Can I Keep My Rings After My Relationship Dissolves?
Jewelry can hold a lot of memories, and a lot of meaning. The engagement and wedding rings that are exchanged between partners are not only valuable for the monetary worth they have, but for the symbolic meaning and promise they hold. This makes it all the more difficult to determine what to do with the rings once an engagement breaks, or you realize that a marriage is well and truly over. This article aims to answer some general questions about who is typically entitled to keep a ring when a relationship is dissolved in California, and why.
Who Keeps the Engagement Ring in a Broken Engagement?
First, let’s address who is entitled to keep an engagement ring if the couple never makes it down the aisle.
California Civil Code Section 1590 states that when a ring (or other property) is given from one person to another on the assumption that the two will be married, the person who gives the ring is entitled to get it back if the receiver refuses to enter the marriage, or both people mutually decide to call the wedding off.
The above mirrors a very common belief throughout time and, indeed, is reflected widely in the law of many states and nations to this day. Generally speaking, an engagement ring is seen as part of a contract for marriage. If the contract falls apart prior to marriage then the recipient of the ring is not entitled to keep it, with some very limited exceptions.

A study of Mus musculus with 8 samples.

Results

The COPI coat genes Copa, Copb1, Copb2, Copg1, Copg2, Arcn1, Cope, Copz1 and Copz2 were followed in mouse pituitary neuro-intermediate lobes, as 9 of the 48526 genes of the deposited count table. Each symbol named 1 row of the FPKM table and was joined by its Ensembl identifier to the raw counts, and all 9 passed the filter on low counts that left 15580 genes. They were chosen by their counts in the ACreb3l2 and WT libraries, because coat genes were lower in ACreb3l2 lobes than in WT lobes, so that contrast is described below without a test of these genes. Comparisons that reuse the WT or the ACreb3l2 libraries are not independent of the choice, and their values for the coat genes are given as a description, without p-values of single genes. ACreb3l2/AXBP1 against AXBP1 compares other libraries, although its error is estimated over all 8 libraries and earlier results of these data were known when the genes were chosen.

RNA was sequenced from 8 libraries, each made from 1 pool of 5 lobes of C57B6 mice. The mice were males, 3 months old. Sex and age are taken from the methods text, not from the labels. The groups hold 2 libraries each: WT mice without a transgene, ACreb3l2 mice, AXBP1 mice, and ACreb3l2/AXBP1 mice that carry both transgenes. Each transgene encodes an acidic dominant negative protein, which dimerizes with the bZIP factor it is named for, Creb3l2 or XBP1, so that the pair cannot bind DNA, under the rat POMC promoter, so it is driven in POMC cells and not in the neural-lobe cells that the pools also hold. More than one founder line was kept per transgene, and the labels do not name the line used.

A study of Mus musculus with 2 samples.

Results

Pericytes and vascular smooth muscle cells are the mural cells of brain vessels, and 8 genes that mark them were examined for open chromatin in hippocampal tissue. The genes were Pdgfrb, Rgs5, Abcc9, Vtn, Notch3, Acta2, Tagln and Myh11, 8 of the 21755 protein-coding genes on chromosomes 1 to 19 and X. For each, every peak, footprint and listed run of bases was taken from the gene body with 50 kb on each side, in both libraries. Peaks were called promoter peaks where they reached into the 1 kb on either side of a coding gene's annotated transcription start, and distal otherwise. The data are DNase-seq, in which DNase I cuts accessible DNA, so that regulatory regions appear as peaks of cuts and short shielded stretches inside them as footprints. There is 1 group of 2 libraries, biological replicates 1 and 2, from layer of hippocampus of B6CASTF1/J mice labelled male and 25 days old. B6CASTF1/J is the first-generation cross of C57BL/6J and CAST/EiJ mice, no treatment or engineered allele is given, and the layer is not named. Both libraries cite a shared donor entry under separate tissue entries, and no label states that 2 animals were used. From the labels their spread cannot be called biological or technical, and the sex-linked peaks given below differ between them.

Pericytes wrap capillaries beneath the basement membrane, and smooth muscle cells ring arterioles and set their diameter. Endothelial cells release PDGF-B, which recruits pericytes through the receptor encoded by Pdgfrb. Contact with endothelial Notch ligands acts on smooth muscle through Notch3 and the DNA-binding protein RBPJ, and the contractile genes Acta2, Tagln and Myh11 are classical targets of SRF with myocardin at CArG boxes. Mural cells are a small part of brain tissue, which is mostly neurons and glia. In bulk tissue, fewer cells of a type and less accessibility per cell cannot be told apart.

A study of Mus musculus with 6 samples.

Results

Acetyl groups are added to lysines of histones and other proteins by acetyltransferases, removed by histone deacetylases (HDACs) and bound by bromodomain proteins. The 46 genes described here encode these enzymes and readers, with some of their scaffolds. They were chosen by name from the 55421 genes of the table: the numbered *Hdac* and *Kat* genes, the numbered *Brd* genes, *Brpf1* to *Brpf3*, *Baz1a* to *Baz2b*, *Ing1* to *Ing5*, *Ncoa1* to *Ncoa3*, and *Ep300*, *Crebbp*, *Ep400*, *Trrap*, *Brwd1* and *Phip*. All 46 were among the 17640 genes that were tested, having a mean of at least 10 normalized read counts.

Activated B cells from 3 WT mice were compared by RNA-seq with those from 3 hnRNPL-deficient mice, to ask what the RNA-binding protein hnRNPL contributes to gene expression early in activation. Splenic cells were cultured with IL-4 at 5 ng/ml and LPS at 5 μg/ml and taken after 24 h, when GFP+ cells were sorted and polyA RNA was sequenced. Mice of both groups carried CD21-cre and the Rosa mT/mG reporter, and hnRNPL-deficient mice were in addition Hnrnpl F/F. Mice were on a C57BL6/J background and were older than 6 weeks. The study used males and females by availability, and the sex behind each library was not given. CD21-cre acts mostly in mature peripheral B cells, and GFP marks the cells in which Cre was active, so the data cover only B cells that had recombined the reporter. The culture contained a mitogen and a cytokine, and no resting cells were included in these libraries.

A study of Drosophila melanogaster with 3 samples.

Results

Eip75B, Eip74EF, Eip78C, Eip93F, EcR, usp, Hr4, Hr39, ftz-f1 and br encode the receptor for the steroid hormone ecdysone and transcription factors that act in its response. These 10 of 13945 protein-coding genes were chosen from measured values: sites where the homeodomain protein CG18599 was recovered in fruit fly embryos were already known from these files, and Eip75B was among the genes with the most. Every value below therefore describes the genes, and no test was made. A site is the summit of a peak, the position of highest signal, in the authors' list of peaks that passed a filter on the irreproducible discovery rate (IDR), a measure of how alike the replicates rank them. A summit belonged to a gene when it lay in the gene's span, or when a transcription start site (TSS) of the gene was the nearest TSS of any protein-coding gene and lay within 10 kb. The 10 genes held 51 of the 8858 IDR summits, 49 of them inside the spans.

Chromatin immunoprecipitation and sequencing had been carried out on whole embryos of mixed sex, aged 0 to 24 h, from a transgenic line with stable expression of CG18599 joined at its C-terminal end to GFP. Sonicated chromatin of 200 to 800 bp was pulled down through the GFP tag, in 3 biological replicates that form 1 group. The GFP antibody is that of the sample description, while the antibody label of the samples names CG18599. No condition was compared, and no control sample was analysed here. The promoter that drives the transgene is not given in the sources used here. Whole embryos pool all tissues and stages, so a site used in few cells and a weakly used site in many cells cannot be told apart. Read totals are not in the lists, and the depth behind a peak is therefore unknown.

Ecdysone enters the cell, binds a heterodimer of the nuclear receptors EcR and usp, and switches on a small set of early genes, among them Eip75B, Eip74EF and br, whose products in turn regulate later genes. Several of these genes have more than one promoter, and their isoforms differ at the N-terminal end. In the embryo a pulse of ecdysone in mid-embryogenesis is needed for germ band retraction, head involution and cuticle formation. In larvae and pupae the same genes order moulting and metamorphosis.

We have all seen dramatic footage from television or movies where a fiancé hurls their engagement ring into the ocean. In all likelihood, however, that person is not actually free to do that. While there are always exceptions to the rule, in such a situation an ex-fiancée may very well be able to sue to recoup the value of the lost ring. Once the couple is legally married, the law provides that ownership of the engagement ring passes to the spouse that received the ring prior to marriage.
Who Owns the Wedding Ring After a Divorce?
When a couple divorces in California they are obligated to split much of their property in accordance with California’s community property laws. (There are, of course, important exceptions to this, including provisions of a signed prenuptial agreement.)
Before two people are legally married, a wedding ring is seen by the court as being the sole property of the person who bought the ring. California recognizes both community and separate property in marriages, and California case law suggests that a court will likely allow the recipient of a wedding ring to keep their ring as though it was a gift. However, the ring could also be considered a community property asset whose value needs to be distributed to both partners, particularly if it is a very costly ring. An experienced attorney should be consulted to help ascertain the details of your own case.
Contact Cardwell, Steigerwald Young LLP
The San Francisco family law attorneys at Cardwell, Steigerwald Young have the experience and knowledge required to help you successfully navigate every aspect of your divorce, including property division. Contact our Bay area office today to speak with a dedicated attorney about your case.